Regular planning permit applicants may have noticed that permit application forms are no longer available from the planning.vic,gov.au website.
From 1 March 2018 applicants will be required to source application forms from individual Councils.
Clause 1 is hopeful that this change will not result in individual Council’s creating a plethora of unique forms with differing requirements for applicants to navigate. Fingers crossed.
Regular users of Victoria’s planning scheme should be familiar with both ‘incorporated documents’ and ‘reference documents’.
Any incorporated documents are listed at Clause 81.01 of the relevant planning scheme. Reference documents are generally listed at the end of the policy to which they relate.
But what’s the difference between an incorporated doc and a reference doc, and why does it matter?
For permit applicants, the most important difference between ‘reference documents’ and ‘incorporated documents’ is the weight they are given in decision-making. Because incorporated documents go through a planning scheme amendment process, including public exhibition and panel hearings to be incorporated into the planning scheme, they are given more weight than reference documents. The departmental practice note relating to incorporated documents suggests that they carry the same weight as any other provisions contained in the planning scheme.
In contrast, reference documents generally provide background information to assist in understanding the context within which a provision has been framed and are not required to endure the planning scheme amendment process. Rather reference documents can simply be documents approved by the local council and ‘referenced’ in the planning scheme. And should be given very little weight, if any, in decision making.
The important point for permit applicants to take away is that incorporated documents are given more weight than reference documents by Council and VCAT in determining your applications. Applicants should consider relevant incorporated documents when preparing planning permit applications – especially if the local policy is a little light-on in support of your proposal.
Does a fire causing significant damage to heritage buildings undermine the ability of the Tribunal to hear an Application for Review lodged prior to the fire?
This question was recently answered in an interesting ‘Red Dot’ decision: Caydon Cremorne No 2 Development Pty Ltd v Yarra CC  VCAT 85. The subject site is the former Richmond Maltings site, well known for the existing tall silos and the heritage ‘Nylex’ sign.
Prior to the hearing, part of the site was affected by fire (that part being proposed for adaptive building reuse with a positive relationship with public space). The applicants, after the fire, had:
Objectors submitted that the appeal hearing should be postponed because the full extent and impact of the fire was not known, and because the possible loss of one of the buildings had a major impact on the site’s heritage planning.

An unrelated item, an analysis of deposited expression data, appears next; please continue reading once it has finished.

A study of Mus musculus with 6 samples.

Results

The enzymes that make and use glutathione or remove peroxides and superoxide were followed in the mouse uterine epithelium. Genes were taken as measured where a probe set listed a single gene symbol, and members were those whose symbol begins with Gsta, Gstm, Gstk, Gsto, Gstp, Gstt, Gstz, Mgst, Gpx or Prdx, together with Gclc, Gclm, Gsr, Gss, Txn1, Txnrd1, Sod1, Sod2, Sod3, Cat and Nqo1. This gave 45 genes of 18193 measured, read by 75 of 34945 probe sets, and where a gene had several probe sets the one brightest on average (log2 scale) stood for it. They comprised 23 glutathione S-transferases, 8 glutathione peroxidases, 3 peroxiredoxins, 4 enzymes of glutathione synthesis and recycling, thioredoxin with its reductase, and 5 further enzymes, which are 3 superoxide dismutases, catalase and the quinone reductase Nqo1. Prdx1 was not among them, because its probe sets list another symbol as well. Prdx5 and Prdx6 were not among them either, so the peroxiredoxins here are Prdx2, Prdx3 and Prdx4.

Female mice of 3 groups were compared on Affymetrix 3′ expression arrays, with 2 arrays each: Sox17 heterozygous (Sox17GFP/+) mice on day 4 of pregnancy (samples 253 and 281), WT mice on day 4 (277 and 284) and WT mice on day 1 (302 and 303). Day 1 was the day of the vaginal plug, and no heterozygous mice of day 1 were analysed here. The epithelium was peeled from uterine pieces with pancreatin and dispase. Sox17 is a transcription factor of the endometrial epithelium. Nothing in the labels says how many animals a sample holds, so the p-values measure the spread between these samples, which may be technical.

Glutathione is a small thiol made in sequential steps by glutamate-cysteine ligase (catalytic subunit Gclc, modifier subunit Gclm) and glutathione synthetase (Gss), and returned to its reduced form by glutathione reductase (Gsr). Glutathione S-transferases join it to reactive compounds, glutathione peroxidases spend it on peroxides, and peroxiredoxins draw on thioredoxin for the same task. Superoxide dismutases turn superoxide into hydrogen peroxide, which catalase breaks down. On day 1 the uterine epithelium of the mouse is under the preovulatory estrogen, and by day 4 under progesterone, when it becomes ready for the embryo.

It was argued that the application proposal within the now fire-damaged building, were positive aspects of the proposal. Because those aspects were in question while the fire damage was being determined, the Objectors argued that the Tribunal was not able to undertake its required ‘balancing exercise’ in making a decision.
However, with this uncertainty in mind, the Tribunal preferred to continue hearing the matter, noting:
35 …Issues about the retention or removal of building B6 because of the fire damage will need to be resolved by the applicant, the relevant building authorities and Heritage Victoria. We have no jurisdiction about these matters.
36 There is no prejudice to any party flowing from our consideration of the proposal in its current form. The configuration of the proposed 14 storey building above the fire damaged B6 building has not changed. Whether there needs to be changes to the envelope and configuration of that building, and of the fire damaged heritage building, procedures are available under the Planning and Environment Act 1987 to allow for the consideration of those changes, if they are found to be necessary.
37 Whether the consideration of those changes (if any) occurs by way of secondary consent or by some other mechanism (section 72 or 87A) is to be determined at the appropriate time, and will be influenced by the nature and magnitude of any changes considered necessary.
The Tribunal considered the proposal as per the application plans, acknowledging the rights of the permit applicant to request amendments to the plans at a later stage, should the extent of fire damage require alterations to the approved plans to be made.
These tid-bits are part of the regular contribution made by Clause:1 Planning to BDAV News. For more information, contact Ashley Thompson on (03) 9370 9599 or visit Clause 1.